It is not enough to claim that the International Criminal Court is a Western tool of neo-colonialism, even when the men who have been indicted at the Court are all Africans. It is not enough to claim that the imminent trials of the President and Deputy President at the Court are ploys to destabilise the nation, even though their trials may very well do that. It is not enough to claim that the civil society human rights industry is in cahoots with unnamed foreign powers simply because their funds are routed through suspicious bank accounts. It is not enough to claim that the trials of the President and Deputy President could very well take place in Kenya because we have sufficiently reformed the Judiciary that it is able to dispense even-handed justice. It is not enough to do all this because thousands of Kenyans are still dead, tens of thousands of Kenyans have lost their property or had it expropriated without just compensation, and hundreds of thousands of Kenyans bear physical and mental scars that may never heal.
This is the week when it emerges that the government of the people, by the people and for the people is an ideal that favours the few at the expense of the many. The events of the past few months demonstrate as nothing else will that "the people" are only an abstraction, a figment of the popular imagination abroad in the land. The "government" exists for the few; it does the bidding of the few; it is made up of the few. The "few" have always existed in Kenya, taking up various guises, all of them pernicious: settlers, colonists, well-heeled, well-connected tycoons, and the sons and daughters of the favoured few.
The people exist as cannon-fodder for the amusement of the few. They are rallied to causes as diverse as teachers and doctors' strikes, elections, or political arm-twisting contests of no value. A stalwart members of the few, Rachel Shebesh, decides to "side" with the people against the erudite and cerebral symbol of the the same few she belongs to. In her verbal and physical assault on the person of the Governor of Nairobi, and in his physical and verbal assault on her in retaliation, the plight of the people is forgotten. Whether they should retain their jobs or whether they should get better terms is forgotten. It is a war of the egos of one member of the elite against another. The people have served their purpose. They may return to the detritus of their lives. One day soon, they will against be called out to stand in solidarity with the one against the other. That is their purpose in life.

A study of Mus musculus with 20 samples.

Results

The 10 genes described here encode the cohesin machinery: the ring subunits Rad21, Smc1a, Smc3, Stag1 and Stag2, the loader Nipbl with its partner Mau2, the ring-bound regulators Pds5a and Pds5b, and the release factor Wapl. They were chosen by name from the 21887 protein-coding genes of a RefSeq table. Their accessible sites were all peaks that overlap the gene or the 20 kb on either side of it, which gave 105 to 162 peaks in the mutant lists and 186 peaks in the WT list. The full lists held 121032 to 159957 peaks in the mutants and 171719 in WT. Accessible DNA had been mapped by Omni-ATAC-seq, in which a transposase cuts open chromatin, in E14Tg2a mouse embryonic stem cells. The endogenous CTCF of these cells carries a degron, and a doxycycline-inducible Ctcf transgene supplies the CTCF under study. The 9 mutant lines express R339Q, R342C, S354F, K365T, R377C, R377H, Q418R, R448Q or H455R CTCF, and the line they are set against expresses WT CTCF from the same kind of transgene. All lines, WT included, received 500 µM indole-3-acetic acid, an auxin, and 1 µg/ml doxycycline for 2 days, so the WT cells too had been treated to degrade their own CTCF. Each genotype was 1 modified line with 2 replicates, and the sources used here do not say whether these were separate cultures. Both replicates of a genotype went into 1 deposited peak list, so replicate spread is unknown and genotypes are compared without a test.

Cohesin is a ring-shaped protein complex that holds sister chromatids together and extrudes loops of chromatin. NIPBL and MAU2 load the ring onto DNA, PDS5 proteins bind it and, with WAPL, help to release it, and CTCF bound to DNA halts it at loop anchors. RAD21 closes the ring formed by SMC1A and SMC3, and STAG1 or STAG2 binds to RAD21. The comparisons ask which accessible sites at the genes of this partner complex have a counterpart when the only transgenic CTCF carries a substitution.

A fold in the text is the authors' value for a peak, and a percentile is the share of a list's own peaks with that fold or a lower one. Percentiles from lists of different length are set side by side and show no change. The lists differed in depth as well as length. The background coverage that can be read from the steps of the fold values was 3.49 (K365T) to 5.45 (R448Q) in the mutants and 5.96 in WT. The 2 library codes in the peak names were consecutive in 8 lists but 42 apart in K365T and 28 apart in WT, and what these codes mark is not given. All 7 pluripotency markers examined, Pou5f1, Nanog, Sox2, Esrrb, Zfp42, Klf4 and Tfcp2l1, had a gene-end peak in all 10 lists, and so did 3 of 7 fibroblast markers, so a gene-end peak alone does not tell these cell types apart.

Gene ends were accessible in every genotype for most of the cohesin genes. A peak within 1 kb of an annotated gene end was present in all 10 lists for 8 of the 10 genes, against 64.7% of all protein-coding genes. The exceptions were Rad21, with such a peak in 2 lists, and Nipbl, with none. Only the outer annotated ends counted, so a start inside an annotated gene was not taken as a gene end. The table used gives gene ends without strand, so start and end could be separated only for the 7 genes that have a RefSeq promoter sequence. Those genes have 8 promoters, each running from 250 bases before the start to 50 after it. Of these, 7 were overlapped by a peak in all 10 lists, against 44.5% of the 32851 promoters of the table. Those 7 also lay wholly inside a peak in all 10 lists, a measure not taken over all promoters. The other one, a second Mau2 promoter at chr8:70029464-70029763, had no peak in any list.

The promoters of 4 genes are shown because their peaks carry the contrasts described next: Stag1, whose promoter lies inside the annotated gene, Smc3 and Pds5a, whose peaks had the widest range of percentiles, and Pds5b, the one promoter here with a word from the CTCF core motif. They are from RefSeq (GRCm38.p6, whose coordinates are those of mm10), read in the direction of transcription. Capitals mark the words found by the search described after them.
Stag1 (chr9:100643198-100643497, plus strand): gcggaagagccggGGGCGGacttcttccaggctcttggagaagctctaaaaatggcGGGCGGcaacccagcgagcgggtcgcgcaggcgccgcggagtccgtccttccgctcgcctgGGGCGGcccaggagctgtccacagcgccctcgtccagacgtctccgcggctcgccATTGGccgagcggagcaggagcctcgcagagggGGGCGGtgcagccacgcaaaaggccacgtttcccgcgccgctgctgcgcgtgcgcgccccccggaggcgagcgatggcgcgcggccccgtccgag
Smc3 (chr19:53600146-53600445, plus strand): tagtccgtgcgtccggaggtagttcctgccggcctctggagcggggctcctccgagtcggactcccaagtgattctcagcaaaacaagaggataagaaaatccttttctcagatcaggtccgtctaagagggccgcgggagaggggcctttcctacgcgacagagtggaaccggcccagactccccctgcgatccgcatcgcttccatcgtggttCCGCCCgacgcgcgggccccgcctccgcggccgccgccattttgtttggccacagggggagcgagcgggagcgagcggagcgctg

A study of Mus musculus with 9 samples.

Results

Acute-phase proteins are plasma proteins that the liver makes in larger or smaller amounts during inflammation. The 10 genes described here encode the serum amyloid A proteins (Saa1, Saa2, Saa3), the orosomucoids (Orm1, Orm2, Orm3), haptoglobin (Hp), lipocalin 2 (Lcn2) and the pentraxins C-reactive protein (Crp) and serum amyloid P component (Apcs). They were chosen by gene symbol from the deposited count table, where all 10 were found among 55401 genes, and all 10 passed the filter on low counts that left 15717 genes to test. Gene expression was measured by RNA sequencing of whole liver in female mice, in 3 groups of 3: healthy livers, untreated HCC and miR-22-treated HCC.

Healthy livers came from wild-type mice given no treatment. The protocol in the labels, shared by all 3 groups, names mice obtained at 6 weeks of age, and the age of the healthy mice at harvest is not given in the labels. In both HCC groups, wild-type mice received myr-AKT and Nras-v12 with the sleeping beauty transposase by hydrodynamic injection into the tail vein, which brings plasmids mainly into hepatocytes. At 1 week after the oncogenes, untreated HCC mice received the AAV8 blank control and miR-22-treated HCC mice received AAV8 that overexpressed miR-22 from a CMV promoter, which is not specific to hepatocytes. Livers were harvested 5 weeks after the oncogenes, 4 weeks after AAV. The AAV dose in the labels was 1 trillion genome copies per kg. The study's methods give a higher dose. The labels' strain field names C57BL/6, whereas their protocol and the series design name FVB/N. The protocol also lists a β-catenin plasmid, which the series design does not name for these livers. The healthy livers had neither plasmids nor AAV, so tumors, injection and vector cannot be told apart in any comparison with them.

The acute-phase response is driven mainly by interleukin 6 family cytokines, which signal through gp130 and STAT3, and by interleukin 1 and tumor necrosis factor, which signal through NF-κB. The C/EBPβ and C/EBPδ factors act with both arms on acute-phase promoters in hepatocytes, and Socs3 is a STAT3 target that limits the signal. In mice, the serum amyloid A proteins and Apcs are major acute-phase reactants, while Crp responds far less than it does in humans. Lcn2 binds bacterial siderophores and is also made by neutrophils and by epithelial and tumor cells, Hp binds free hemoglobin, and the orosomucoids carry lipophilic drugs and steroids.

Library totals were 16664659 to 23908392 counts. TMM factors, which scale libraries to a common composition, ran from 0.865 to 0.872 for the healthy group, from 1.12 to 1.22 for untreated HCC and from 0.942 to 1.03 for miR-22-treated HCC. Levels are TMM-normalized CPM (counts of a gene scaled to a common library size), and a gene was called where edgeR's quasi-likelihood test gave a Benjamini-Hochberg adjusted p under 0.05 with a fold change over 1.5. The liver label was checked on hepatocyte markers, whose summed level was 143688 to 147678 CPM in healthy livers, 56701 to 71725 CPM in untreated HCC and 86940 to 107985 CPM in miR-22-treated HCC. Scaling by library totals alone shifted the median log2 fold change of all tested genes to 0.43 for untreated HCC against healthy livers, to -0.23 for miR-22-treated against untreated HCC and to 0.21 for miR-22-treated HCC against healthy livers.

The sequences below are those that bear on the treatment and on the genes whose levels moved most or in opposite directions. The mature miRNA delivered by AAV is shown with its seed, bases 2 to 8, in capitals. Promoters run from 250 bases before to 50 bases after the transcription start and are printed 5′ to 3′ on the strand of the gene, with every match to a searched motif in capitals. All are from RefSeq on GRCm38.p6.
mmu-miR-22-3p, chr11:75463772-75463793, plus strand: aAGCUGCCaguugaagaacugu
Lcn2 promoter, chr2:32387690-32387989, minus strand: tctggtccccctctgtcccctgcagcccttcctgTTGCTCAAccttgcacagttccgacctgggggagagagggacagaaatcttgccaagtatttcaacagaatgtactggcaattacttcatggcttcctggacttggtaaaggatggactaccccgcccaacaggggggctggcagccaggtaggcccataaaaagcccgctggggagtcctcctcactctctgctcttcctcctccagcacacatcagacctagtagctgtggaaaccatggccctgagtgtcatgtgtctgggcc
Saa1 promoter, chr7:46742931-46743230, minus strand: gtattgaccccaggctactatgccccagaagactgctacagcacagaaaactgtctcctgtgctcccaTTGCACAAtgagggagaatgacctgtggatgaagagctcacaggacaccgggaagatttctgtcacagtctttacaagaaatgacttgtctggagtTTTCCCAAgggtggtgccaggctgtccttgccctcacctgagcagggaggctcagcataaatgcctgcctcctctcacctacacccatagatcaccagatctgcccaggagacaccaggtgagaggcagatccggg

This phenomenon plays itself out on the national stage. Thousands of Kenyans are set upon by their neighbours and erstwhile friends. Many of them are murdered in cold blood. Their homes and fields are set ablaze and their livestock butchered where they stand. Hundreds of thousands of them are driven from their homes and forced into concentration camps, what the civil society human rights industry calls IDP camps. A few days later, people who had nothing to do with these events are targetted by militia armed to the teeth and butchered and maimed in their homes. More and more of them are driven from their homes, which are set ablaze and they too, find themselves in other concentration camps. The peoples' lives have been disrupted. Their sons' and daughters' education has been disrupted. They live, and look, like animals. The "government" spends a considerable chunk of national treasure to find out who was responsible for the cataclysm. Six men are accused of it. The case against three collapses for want of evidence. The case against the remaining three is set to proceed. The people are about to be called out to "protest" the indignity of the trials of the three in a foreign land because "Kenya has the capacity" to do it on its own.
A member of the "few" with a gymnast's ability to twist himself argues that that the "people", by "overwhelmingly" voting for two of the accused have rejected their trials in a foreign court. His boon friend of similar ability argues that it is the civil society human rights industry, sponsored from parts unknown, that should answer for the crimes being tried abroad. Both make passing reference to the fates of the victims, but only in a conflation of the plight of those in concentration camps and the three. The victim and the accused are the same, you see? Soon the intellectuals will read and reread the social compact called the Constitution, and they will argue that its words do not mean what they say. They will argue that it is OK to use it as a fig leaf for the avarice, caprice and heartlessness of the few.